If you prefer a plant-based food to fight iron deficiency anemia, then you may be wondering how much iron lentils have. Does this food actually have iron?
Absolutely. Lentils are rich not only in iron but in several other vitamins and minerals like protein, fiber, vitamin B, and so on.
So, if you are considering adding lentils to your diet, it would help to learn more about what exactly you are getting from it – the iron content and the different types of lentils to eat for more iron. Let’s get started!
Lentils Iron Content
Depending on the type of lentil, this nutritious food has a high amount of iron. In fact, it can go from 40 to 92 ppm per serving.
However, there is one important thing to note – the iron absorption tends to be low. This is true for all legumes including black beans, mung beans, soybeans, and lentils, as well. The bioavailability from this food is between 2 to 4 percent. It is all because of the phytic acid found within the seed, as well as the polyphenols in the seed coat.
Moreover, lentils are considered as possessing a stable iron isotope. What this means is that iron absorption from lentils that are intrinsically labeled as such can be comparable to how the body absorbs iron taken as ferrous sulfate.
But one thing is for sure – lentils are among the most versatile and nutritious protein sources from plants. They are also low in fat and have a good amount of many nutrients including iron, calcium, fiber, and iron.
Types Of Lentils And Iron Content
There are different types of lentils with their own unique nutritional profile. These include the following:
1. Black Lentils
Also referred to as beluga lentils, these are hearty pulses that you can cook with vegetables and other protein sources. They look like the beluga caviar, hence the name. The flavor is earthy and full-bodied, almost similar to black beans.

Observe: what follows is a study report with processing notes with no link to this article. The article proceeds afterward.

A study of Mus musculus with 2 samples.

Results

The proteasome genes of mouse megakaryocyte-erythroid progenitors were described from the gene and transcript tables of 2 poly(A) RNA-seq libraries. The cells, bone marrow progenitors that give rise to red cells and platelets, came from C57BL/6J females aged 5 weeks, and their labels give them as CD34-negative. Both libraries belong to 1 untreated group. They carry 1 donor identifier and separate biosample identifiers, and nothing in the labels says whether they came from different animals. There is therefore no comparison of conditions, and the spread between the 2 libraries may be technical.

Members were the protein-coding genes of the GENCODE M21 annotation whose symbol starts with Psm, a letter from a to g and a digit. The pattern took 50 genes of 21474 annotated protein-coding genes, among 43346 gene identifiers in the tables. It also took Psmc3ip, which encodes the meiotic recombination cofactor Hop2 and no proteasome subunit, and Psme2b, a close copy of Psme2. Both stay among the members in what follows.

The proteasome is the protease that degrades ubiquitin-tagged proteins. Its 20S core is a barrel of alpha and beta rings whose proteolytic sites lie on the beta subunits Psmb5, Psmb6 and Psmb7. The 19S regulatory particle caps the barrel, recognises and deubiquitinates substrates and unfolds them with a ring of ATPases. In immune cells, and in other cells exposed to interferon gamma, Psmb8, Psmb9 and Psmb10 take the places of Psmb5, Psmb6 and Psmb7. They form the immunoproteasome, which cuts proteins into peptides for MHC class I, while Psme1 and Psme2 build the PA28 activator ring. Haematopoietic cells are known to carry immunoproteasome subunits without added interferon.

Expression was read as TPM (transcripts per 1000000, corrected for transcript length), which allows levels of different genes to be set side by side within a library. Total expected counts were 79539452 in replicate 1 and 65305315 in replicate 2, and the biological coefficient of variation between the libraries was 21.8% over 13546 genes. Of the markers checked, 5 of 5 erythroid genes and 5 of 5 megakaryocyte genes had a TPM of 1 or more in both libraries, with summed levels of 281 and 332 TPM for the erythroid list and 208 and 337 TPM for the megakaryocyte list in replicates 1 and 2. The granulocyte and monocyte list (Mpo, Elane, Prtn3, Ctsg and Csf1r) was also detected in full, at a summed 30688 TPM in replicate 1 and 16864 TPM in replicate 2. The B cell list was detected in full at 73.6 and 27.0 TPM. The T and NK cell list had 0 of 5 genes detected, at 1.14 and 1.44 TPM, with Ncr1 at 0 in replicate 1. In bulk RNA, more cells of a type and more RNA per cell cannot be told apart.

These black lentils contain 8 milligrams of iron, and a good amount of fiber, protein, potassium, and calcium. They also have anthocyanin, which is a type of antioxidant common among blue- and purple-colored foods.
2. Brown Lentils
The next type of lentils is the brown lentil. These are versatile lentils that have some resemblance to the green ones. They are common in North America, and these lentils have a milder flavor.
Additionally, brown lentils are commonly used for making veggie burgers or as toppers to your salad. You can also blend brown lentils into your soup to make it thicker. Half a cup of brown lentils, when uncooked, contains 4 milligrams of iron, as well as some other nutrients including calcium, protein, and fiber.
3. Red And Yellow Lentils
If you prefer to eat Indian dishes, then you may be familiar with red and yellow lentils. These lentils have a mushy quality when cooked down, which is why they are great as thickeners to soups and stews. They are also easy to cook and should be done in just 20 minutes.
Red and yellow lentils add a vibrant color to your dishes while offering a nutty and somewhat sweet flavor. Half a cup of these uncooked lentils contains 6 milligrams of iron and a whopping 22 grams of protein.
4. Green Lentils
Lastly, we have the green lentils. These lentils are rich in iron, magnesium, and antioxidants. They are perfect for topping your salad and also as a warm side dish. These lentils cook a bit too long, and usually take up to 45 minutes.
As for their iron content, green lentils have 4 milligrams of iron and 24 grams of protein. They are perfect for stews, soups, and so much more.
Lentils are not only tasty and hearty but they are also packed with iron. There are different types of lentils and each come with their unique flavor and nutritional profile.
Now that you know more about iron content in lentils, you can go ahead and add these to your daily meals. Enjoy the taste and nutritive value of lentils for your health and wellness!